I’m the overly analytical type. I’ll think about something fantastic to the point that it’s not much fun any more. Case in point, time travel. If you subscribe to certain theoretical physics, time travel is a theoretical possibility but once you start considering the real dynamics of time travel, where you are in space in time becomes a jumbled mess. Because of this, I have a hard time accepting time travel movies like Back to the Future because of the way that they casually dismiss the science of it all. Equally, because of this obsession with considering all the angles, recent time travel movies like Primer excite my imagination because of the way that they take into account the actual paradoxes of time travel when you’re moving backward in relatively short amounts. I sound like a lot of fun, don’t I?
Primer gets way out of hand and its ultimate success lies in the puzzle that it creates by trying to work out the massively confusing tapestry but Timecrimes compacts the paradox down to something that’s more like boneless buffalo wings than String Theory. That is not to say that it’s some kind of pseudoscientific pap from Spain. Quite the opposite. It’s delicious, easy to eat and spicy enough to be challenging. If you were to garnish it with blue cheese dressing, carrot sticks and celery, you’d have quite an appetizer and you wouldn’t wind up with Frank’s Red Hot on your hands because you can eat Timecrimes with a fork. Am I making sense? I didn’t think so. It’s lunch time and my blood sugar is low.
Hector and his wife have just moved into their new home. As they’re getting settled, strange things happen. They get what seems like a wrong number phone call. Hector spots a woman undressing in the woods nearby through his binoculars and then later sees what appears to be her passed out naked in the woods. When he slips away to see if she’s alright, he winds up chased by a man in pink bandages around his head and a black trench coat and the only place that he can find shelter from his stalker happens to be the home of an experimental device that transports him back in time an hour. What he discovers is that he probably should have just stayed sitting at home, staring at the naked woman in his binoculars because time travel is a real pain in the ass.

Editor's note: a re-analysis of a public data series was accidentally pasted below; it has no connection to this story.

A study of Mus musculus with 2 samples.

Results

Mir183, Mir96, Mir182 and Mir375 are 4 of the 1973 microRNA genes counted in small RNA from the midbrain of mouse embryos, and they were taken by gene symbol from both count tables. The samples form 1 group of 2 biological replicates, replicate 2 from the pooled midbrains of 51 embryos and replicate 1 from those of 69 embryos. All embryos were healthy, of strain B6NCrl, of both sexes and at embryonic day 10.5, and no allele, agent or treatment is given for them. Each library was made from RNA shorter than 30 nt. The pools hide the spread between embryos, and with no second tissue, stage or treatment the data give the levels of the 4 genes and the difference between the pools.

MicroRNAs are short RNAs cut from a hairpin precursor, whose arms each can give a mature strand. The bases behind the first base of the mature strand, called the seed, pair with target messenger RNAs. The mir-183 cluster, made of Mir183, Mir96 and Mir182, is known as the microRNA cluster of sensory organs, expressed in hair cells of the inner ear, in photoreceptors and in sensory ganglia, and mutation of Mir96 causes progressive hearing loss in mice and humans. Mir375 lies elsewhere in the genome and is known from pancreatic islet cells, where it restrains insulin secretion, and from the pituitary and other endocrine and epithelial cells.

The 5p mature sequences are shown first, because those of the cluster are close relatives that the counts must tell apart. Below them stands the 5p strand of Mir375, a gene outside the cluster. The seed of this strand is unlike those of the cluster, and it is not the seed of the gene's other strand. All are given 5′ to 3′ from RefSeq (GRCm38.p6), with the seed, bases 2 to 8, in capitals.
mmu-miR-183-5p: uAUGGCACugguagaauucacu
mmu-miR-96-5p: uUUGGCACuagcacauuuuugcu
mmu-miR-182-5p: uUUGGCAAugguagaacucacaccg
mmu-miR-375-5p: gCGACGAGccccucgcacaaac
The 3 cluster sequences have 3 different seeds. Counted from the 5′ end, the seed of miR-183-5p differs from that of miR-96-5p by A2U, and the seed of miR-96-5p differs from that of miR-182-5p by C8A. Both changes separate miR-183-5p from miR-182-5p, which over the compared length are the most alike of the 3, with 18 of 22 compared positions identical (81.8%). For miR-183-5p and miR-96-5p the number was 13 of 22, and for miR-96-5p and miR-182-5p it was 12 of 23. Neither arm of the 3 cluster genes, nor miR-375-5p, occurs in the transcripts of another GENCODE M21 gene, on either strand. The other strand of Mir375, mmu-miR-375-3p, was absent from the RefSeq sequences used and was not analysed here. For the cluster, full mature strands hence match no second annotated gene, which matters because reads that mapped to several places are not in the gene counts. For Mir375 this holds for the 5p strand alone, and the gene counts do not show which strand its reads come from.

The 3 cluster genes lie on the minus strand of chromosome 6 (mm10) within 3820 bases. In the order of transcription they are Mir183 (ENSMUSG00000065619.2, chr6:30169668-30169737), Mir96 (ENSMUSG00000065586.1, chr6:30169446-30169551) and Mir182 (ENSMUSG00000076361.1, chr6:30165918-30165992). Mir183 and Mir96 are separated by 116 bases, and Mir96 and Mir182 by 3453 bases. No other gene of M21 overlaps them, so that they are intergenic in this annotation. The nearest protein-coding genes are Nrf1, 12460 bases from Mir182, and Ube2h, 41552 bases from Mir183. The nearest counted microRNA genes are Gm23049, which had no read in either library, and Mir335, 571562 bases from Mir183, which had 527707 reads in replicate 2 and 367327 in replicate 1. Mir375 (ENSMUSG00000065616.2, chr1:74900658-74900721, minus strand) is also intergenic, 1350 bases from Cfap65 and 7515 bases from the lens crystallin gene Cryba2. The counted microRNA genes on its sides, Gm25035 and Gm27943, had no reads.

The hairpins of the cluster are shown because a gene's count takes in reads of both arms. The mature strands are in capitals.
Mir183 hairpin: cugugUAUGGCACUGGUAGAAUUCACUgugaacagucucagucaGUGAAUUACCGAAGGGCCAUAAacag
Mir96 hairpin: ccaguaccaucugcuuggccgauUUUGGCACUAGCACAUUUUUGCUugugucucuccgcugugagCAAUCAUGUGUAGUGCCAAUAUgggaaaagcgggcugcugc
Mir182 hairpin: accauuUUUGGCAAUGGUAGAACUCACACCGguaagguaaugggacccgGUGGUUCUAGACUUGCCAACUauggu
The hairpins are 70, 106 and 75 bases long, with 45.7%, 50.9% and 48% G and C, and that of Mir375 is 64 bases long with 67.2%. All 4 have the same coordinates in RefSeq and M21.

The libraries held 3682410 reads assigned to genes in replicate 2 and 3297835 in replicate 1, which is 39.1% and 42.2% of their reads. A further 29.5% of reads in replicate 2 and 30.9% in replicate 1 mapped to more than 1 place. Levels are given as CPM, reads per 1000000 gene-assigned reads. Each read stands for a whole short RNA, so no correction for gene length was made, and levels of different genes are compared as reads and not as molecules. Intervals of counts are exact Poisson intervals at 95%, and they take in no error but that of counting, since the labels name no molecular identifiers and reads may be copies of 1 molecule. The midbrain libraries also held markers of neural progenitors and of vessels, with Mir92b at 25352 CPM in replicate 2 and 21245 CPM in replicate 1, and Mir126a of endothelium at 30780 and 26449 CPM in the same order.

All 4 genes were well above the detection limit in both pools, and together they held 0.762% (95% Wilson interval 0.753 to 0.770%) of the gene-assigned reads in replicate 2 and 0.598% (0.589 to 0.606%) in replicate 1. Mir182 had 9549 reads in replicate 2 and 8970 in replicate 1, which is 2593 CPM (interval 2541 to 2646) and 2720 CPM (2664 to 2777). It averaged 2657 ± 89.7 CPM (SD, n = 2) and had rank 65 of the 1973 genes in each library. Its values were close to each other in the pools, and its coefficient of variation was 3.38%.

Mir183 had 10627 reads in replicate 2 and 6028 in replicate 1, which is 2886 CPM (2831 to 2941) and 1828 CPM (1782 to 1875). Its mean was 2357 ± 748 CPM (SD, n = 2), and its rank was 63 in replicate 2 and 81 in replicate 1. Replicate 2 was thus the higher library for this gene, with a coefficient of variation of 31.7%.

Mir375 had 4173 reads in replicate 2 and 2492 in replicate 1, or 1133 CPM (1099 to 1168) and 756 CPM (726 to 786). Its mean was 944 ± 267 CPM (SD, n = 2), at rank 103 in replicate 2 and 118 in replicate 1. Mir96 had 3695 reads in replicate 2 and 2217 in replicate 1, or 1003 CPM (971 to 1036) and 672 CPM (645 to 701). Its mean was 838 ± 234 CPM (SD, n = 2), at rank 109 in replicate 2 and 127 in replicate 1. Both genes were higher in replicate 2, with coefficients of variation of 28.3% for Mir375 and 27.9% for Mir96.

Mashing up a mystery with time travel doesn’t exactly seem intuitive but director Nacho Vigalondo saw a fit in the two mediums and put them together to make one of the most original movies I’ve ever seen. Ever. Seriously. It’s difficult to talk about the plot when giving away anything about it would rob you, the potential viewer, of the magic as this movie unfolds. I’m not going to go ahead and call this a perfect movie like the big Ain’t It Cool blurb on the cover says, but I am going to declare one of the best movies I’ve seen this year.
What qualifies it so, you ask? Understand this. When Timecrimes started making the festival rounds, people immediately started hyping it. Since they were as apprehensive to give plot details away for the very same spoilerific reasons as I, there was an immediate air of mystery surrounding the movie. The man in the pink bandages became as iconic to the film and maybe even foreign cinema in ’08 as, say, Michael J. Anderson in Twin Peaks. Bandage head and his scissors became this menacing force that helped push this mysterious Spanish film around the country and it had other critics raving, using the same veiled means of review as I am now.
What sells Timecrimes, ultimately, isn’t necessarily strong characterization as this isn’t really about Hector so much as it’s about Hector desperately trying to clean up the mess that he created by climbing into the time machine and how cleaning that mess up only made things worse. Ultimately, the entire movie is a series of paradoxes and how things have a tendency to work themselves out if you just let them. It still results in a couple of car wrecks, grievous bodily harm and a broken neck. The fun is in watching it all unfold.
My earliest impression of the movie was actually quite bland, waiting for the man back in time angle to turn into something worthy of the praise that the film had been receiving until Vigalondo added a second layer, which then explained certain pieces of the first layer and a third layer which explains pieces of the second layer. In the end, this time travel mystery comes off like Pulp Fiction without the greased lighting pace of Tarantino’s dialog and 100% less anal rape.
Timecrimes may not necessarily be a once in a lifetime kind of movie but it’s a hell of an example of what a good idea can do for your low budget movie. This is twice now that time travel has come to the rescue of small budget productions and elevated it to a much higher level. Rather than bog you down with the physics of time travel or even make up some dubious bullshit to explain how Hector got to be where he is, the movie throws a very confused man back one hour into his life. Sure, he probably should have stayed put in the conference room like the scientist told him to, but the truth is, he probably should have just hung out in his backyard spying on naked women and napping. However, had he not gotten into the time machine, would there have been a naked woman to look at at all?
It won’t give you a headache like Primer and it unfolds at a natural, manageable pace to be a rewarding film by anyone’s standards. Take it from me. I was so preoccupied by the unfolding, moebius strip nature of the script that I completely failed to over analyze the time travel angle and had no way to bitch about how the time machine actually works. Vigalondo tosses all that aside as completely unnecessary and allows his weird approach to become one of the most compelling movies I’ve seen in years. I don’t even think this qualifies as science fiction.